The City Council’s Public Safety, Fire & Criminal Justice Services and Technology committees held an oversight hearing today to examine first responder communication following the 10-year anniversary of Sept. 11th.
The committees chaired by Council Members Peter F. Vallone Jr., Elizabeth S. Crowley, and Fernando Cabrera heard testimony from Caswell Holloway, Deputy Mayor for Operations, NYPD Deputy Chief Charles Dowd; Commanding Officer of the Communications Division, FDNY Chief Robert Boyce; Chief of Communications, and DoITT Associate Commissioner Steve Hart for Wireless Technologies.
“The tragic events of Sept. 11th exposed a number of shortfalls in ways the NYPD, FDNY and EMS communicated with their members and with other agencies. Today’s hearing marked the third of its kind, where the Council examined the City’s most recent measures to improve first responder communication.
“Our city has made significant progress in first responder communication since Sept. 11th. We are much safer, and have clear goals for future improvement. However, new challenges continue to surface and older problems ranging from communication in subway tunnels to the lack of a backup 911 center still exist,” said Council Member Vallone.
Council Member Elizabeth S. Crowley said, “Our City- particularly our subway system, tunnels and landmarked high-rises remain top targets for terrorists. The mayor’s administration needs to make sure that our emergency responders are able to effectively communicate in these high risk target areas. Today’s hearing showed that the administration still has work to do in these areas where radio system failure causes problems in communication.”
Council Member Elizabeth S. Crowley specifically addressed two specific communications-related concerns that seemed to present major operational gaps:
Communication technology in the City’s subway systems and in high-rise buildings both lacked sufficient radio coverage for NYPD and FDNY responders to efficiently relay messages to remote command centers. According to Deputy Mayor Caswell Holloway, there are reported dead spots within the New York City subway system that occasionally cause disturbances in communication. The NYPD has yet to officially update from “Very-High Frequency” radios to “Ultra-High Frequency” radios. While the FDNY made the switch to UHF radios in 2009, police officers still operate on a different frequency, causing a discrepancy in communication.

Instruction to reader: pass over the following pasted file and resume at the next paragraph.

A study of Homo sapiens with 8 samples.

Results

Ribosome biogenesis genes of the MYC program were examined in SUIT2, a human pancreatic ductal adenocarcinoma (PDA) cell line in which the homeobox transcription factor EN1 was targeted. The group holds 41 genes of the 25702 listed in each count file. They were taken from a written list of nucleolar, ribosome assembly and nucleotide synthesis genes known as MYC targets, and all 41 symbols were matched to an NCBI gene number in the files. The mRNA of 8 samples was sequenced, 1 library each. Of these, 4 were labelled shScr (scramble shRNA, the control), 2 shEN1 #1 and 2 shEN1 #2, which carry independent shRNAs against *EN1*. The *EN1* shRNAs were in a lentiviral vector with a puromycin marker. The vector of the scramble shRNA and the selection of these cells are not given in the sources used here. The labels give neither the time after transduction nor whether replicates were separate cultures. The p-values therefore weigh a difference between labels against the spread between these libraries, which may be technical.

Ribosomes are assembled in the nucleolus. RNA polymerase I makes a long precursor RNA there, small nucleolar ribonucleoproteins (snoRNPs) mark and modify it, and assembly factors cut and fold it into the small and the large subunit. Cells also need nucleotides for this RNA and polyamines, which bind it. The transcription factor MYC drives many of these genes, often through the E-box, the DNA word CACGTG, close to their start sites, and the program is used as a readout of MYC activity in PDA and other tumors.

Council Member Elizabeth Crowley is also concerned by reports, as of 2006, that show difficulties in communicating between high-rise buildings and remote command centers. Despite a great deal of technological progress in the past ten years, the FDNY still faces significant barriers establishing a line of communication between firefighters and command centers in buildings higher than 75 feet. Council Member Elizabeth Crowley concluded that she and Deputy Mayor Holloway must meet with the appropriate leaders to analyze data and discuss the possibility of installing more solid radio infrastructure systems within buildings throughout the city.
Council Member Vallone pointed to the following areas in need of improvement:
New York City Wireless Information Network (NYCWiN), launched in 2006 and touted as a state-of-the-art tool meant to improve public safety communication. NYCWiN has not met some of its most basic initial goals such as allowing police officers to access photos of suspects from patrol cars, or the ability for the FDNY to download building floor plans when responding to a fire. It is currently deployed in 1200 patrol cars, and gives police officers access to broadband-speed data, scan drivers licenses, and access multiple databases. The FDNY uses NYCWiN to share video from emergencies with its Operations Center. Other projects are in development and are being tested in pilot programs.
Citywide Incident Management System (CIMS) requires the co-located, unified command when multiple City agencies respond to an incident. Deputy Mayor Holloway said this is “perhaps the most important operation change that the City has made since that terrible day.”
Council Member Vallone cited concerns from members of both the NYPD and FDNY, who said on some occasions commanding officers of the respective agencies continue to use separate command centers and do not communicate within the incident command structure. As evidence, members of the FDNY said that NYPD commanding officers continue to call fire dispatches for updates and information from emergencies instead of collecting direct information from command centers.
The Committees also examined a City Council resolution sponsored by Vallone in support of S. 911, the Public Safety Spectrum and Wireless Act, that would allow for a national broadband system, and enable first responders across the country to share information in real time. The Administration is highly supportive of this measure.